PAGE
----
Child Custody: The Wisdom of Solomon
Child custody can be one of the most explosive issues in a contested divorce.
Child custody, the arrangement divorcing parents make for the care and nurturing of unemancipated children, tests the wisdom of judges who must decide what is in the best interest of children when the parents cannot or will not.
Custody becomes contentious because parents often care more for their children than their alienated spouses. And in the heat of a divorce battle, it becomes difficult for both parents to remember that each is still a parent, that a child’s love is not divisible, that he or she loves both parents.
Ideally, the parents know their children best, so they are best equipped to decide child care arrangements. When parents cannot or will not do this, courts do it for them based on the gold standard of child welfare -- the best interest of the child. In reality, the phrase allows for a great deal of judicial discretion; in short, it means what a judge says it means and courts consider a variety of factors in deciding a child’s best interest.
When a custodial agreement cannot be reached prior to the trial date, a great deal of preparation may be required in order to effectively petition the court for custodial rights. This may include a custody evaluation.
In a child custody dispute, a judge who awards custody to the mother is not rewarding her because he thinks she is a better person, nor is a judge punishing a father who becomes the noncustodial parent. A judge’s decision about custody is based on his assessment of the situation and the state’s custody law refracted through the prism of the best interest of the child. The sounds much easier than it is.
No child can be in two places at one time, and no judge can order a child cut in two pieces to test the parents the way the Biblical King Solomon tested the two mothers who each claimed a baby as her own.
When custody is divided, the court must also often make decisions about the visitation schedule and child support paid by the noncustodial parent to the custodial parent for the benefit of the children.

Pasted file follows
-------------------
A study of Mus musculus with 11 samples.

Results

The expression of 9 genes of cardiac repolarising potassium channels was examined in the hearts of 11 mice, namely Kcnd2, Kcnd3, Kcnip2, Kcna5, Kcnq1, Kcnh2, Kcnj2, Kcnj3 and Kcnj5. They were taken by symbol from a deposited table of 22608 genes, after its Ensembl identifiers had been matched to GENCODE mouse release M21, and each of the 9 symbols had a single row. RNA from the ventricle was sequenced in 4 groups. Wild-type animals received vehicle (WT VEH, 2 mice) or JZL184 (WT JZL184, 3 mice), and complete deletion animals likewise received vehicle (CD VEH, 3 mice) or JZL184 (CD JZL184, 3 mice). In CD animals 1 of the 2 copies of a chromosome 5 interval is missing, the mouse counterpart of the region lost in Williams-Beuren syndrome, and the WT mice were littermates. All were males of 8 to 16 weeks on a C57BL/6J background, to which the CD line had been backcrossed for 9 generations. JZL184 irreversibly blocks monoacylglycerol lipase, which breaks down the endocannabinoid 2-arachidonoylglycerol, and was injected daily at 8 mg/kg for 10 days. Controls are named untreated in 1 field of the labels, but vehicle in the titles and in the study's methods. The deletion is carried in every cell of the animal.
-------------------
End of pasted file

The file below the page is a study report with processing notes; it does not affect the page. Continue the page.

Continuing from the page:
Like so much about family law, judicial thinking about custody changed in the last century. At one time, judges routinely granted legal and physical custody to the mother, who became the custodial parent; the father, who became the noncustodial parent, paid child support and visited his children on a schedule. Today many courts favor joint legal custody if the parents can cooperate. Moreover, courts are receptive to a variety of child care arrangements as long as the parents can cooperate.
If the battle between spouses becomes pitched, the court may require a custody evaluation. In this, a custody evaluator -- a mental health professional such as a psychologist, or a guardian ad litem -- makes recommendations to the court about the best interest of the children. The child custody evaluation can be very invasive and difficult. A custody evaluation includes interviews, psychological testing and home visits. The objective is to understand the dynamics of the divorcing family and the rapport between the parents and child.
Needless to say, decisions about custody, visitation and child support are best made by the divorcing spouses. Courts are more than willing to order any reasonable arrangements the parties fashion. Parents warring over custody damage both themselves and the children. If a judge decides custody, he or she will not award it based on the idea of one parent being more deserving. The judge decides based on how the welfare of the child is best served -- the best interest of the children.